Pakistan, until recently (January 2021 to be more precise), required rape victims to undergo an invasive two-finger "virginity" test to determine a woman's sexual activity, notwithstanding the fact that this test has no medical merit and has been discredited by the World Health Organisation (WHO). This archaic practice, a remnant of British colonial rule, was abolished in a recent Lahore High Court judgment. Incidentally, this judgment was penned by a female judge: Justice Ayesha Malik.
Having a more diverse, representative judiciary has been recognised worldwide to have countless benefits. Apart from sensitizing the Bench to the issues faced by one half of the population and including a much-needed gendered perspective on legal questions, female judges would best be able to appreciate the plight of Pakistani women and the antagonistic attitudes they face in homes, workplaces and society at large. The abolition of the two-finger test is only one such example.
The Pakistani judiciary is structured into a division of the superior courts and the lower courts, with the superior courts comprising of the Supreme Court, the High Courts (Lahore, Sindh, Peshawar, Baluchistan, Islamabad) and the Federal Shariat Court (whose aim lies in reviewing the compliance of the country's law with Sharia principles); and the lower courts comprising of the District Courts and Session Courts. While it is conceded that there is some representation of women in the lower courts (roughly 17% of the judges in the lower courts are women), female judges are a rarity in the superior courts: a mere 5 of the 114 judges of the High Courts are women and no woman has ever been appointed a Supreme Court Justice. This is significant because of the vast differences in the roles of the judges of the Divisional Courts and High Courts: unlike the superior courts, the District Court judgments are not published, their decisions can be appealed to the High Courts and they simply apply the law that has already been interpreted by the High Courts and the Supreme Court and do not create new precedents.
It is for this reason that it was a breath of fresh air for many when Justice Ayesha Malik was recommended to be appointed as a Justice of the Pakistani Supreme Court by the incumbent Chief Justice of the Supreme Court. However, before she could be formally appointed by the Judicial Commission of Pakistan, her nomination was strongly resisted by the Bar Councils (which are incidentally heavily male dominated) with the argument being put forth that her appointment would disregard the 'seniority' principle, since she would be bypassing four other High Court judges senior to her. This is a very weak argument, notwithstanding the fact that the 'seniority principle' is not an established principle and has in fact been overlooked in the past to elevate High Court judges to the Supreme Court despite the presence of more senior judges who have been superseded. In fact, despite being the Lahore High Court’s senior-most judge, Justice Fakhar-un-Nissa Khokar – a female judge, was overlooked in 2002. Had this obstruction not occurred, she would have become a Chief Justice of the Lahore High Court and eventually Pakistan's first female Supreme Court Justice.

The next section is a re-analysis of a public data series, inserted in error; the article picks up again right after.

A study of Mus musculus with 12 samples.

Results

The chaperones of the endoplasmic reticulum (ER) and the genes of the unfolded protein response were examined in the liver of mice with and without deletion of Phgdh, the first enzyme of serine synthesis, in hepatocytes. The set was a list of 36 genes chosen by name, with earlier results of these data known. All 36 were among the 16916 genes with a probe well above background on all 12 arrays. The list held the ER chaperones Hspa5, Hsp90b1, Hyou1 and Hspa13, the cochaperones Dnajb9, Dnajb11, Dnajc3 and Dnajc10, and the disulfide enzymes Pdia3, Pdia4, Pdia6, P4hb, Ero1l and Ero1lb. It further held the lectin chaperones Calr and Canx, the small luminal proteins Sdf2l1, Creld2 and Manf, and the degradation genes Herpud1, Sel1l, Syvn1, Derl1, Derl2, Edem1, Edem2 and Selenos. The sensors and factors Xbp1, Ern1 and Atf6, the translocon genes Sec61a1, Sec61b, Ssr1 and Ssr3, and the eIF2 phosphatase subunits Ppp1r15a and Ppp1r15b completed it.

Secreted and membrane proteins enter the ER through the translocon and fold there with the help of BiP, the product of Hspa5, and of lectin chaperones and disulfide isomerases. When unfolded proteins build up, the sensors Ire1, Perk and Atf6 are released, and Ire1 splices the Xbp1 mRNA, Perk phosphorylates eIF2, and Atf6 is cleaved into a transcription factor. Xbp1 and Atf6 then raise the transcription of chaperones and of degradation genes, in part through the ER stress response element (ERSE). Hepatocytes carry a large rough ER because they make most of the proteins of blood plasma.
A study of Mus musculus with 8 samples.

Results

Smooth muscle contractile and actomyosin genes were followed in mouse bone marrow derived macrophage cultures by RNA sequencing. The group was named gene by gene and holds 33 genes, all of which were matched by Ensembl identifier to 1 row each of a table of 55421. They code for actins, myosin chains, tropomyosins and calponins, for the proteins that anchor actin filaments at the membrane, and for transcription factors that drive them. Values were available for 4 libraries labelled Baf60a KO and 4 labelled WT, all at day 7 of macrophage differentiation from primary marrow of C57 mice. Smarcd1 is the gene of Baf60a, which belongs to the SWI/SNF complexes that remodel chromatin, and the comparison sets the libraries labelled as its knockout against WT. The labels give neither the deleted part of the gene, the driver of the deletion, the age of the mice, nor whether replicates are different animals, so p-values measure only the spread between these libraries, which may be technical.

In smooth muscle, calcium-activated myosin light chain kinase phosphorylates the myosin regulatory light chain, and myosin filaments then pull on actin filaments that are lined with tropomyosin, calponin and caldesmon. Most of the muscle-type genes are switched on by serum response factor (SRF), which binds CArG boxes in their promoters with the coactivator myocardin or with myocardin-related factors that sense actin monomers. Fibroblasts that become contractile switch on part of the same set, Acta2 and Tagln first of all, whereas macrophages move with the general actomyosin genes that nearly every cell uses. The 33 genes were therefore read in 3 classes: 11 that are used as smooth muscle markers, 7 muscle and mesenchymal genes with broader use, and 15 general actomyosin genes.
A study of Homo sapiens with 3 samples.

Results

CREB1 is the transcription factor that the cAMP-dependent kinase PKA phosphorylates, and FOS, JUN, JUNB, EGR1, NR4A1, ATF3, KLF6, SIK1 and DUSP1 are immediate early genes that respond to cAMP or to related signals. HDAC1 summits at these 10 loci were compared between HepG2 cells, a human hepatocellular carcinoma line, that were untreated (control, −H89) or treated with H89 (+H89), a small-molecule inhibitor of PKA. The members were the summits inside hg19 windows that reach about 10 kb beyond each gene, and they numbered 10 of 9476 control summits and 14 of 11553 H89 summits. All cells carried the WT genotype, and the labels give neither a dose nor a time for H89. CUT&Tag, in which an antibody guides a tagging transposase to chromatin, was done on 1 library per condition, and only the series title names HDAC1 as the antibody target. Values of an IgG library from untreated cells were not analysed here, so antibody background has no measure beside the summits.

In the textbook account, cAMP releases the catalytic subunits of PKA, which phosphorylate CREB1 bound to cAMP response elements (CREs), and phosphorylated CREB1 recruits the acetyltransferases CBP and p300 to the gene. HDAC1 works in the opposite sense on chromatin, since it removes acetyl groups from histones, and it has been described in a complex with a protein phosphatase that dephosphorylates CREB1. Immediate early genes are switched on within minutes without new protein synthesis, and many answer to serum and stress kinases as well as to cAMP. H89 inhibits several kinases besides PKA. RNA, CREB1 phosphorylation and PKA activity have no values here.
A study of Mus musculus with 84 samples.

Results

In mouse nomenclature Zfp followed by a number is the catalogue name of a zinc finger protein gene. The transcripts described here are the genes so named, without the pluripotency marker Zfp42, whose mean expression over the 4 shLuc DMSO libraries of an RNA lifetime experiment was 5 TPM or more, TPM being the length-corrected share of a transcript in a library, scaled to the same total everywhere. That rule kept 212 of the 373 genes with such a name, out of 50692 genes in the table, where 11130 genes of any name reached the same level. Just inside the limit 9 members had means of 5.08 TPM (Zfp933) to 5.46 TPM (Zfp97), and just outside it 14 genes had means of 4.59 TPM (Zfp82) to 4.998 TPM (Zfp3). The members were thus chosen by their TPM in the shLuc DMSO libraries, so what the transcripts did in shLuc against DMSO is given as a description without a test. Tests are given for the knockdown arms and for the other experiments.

Subsequently, an "All-Pakistan-Lawyers'-Convention" was convened to debate judicial appointment reforms. However, ironically the Convention did not have a single female lawyer present, despite the heavy mainstream discourse on increasing gender inclusivity and amplifying female voices. This leads one to believe that despite the seemingly objective criteria of judicial appointments, women's voices have been excluded from law-making with the effect that laws have been made by male legislators, interpreted by and for male judges, and analysed by male academics and jurists.
One solution to include women's voices in law-making would perhaps be stipulating minimum quotas for female judges in the senior judiciary; for example, Article 25(3) of the Pakistani Constitution prescribes making special provisions for protection of women and children. However, in light of such brazen resistance to the appointment of female judges even on merit, one can't help but exclude any potential affirmative action programmes as a solution, since it is likely that these would be similarly strongly opposed by the Pakistani legal fraternity.
When women's voices have been deliberately excluded in meta-narratives surrounding law, there is a need to look for innovative solutions. An example is the Feminist Judgments Project, running in various countries such as Canada, United Kingdom, United States, Australia, and India to name a few, which aims to rewrite pivotal judgments through a feminist lens so as to shed light on how the law has developed from a male lens and how it would have been had the Court taken on a feminist view. A similar Pakistani Feminist Judgments Project has been taken up with an aim to rewrite judgments of the Supreme Court of Pakistan on cases with themes ranging from constitutional law, criminal law, corporate law, property law to health law, tax law, labor law, family law, environmental law and animal rights law.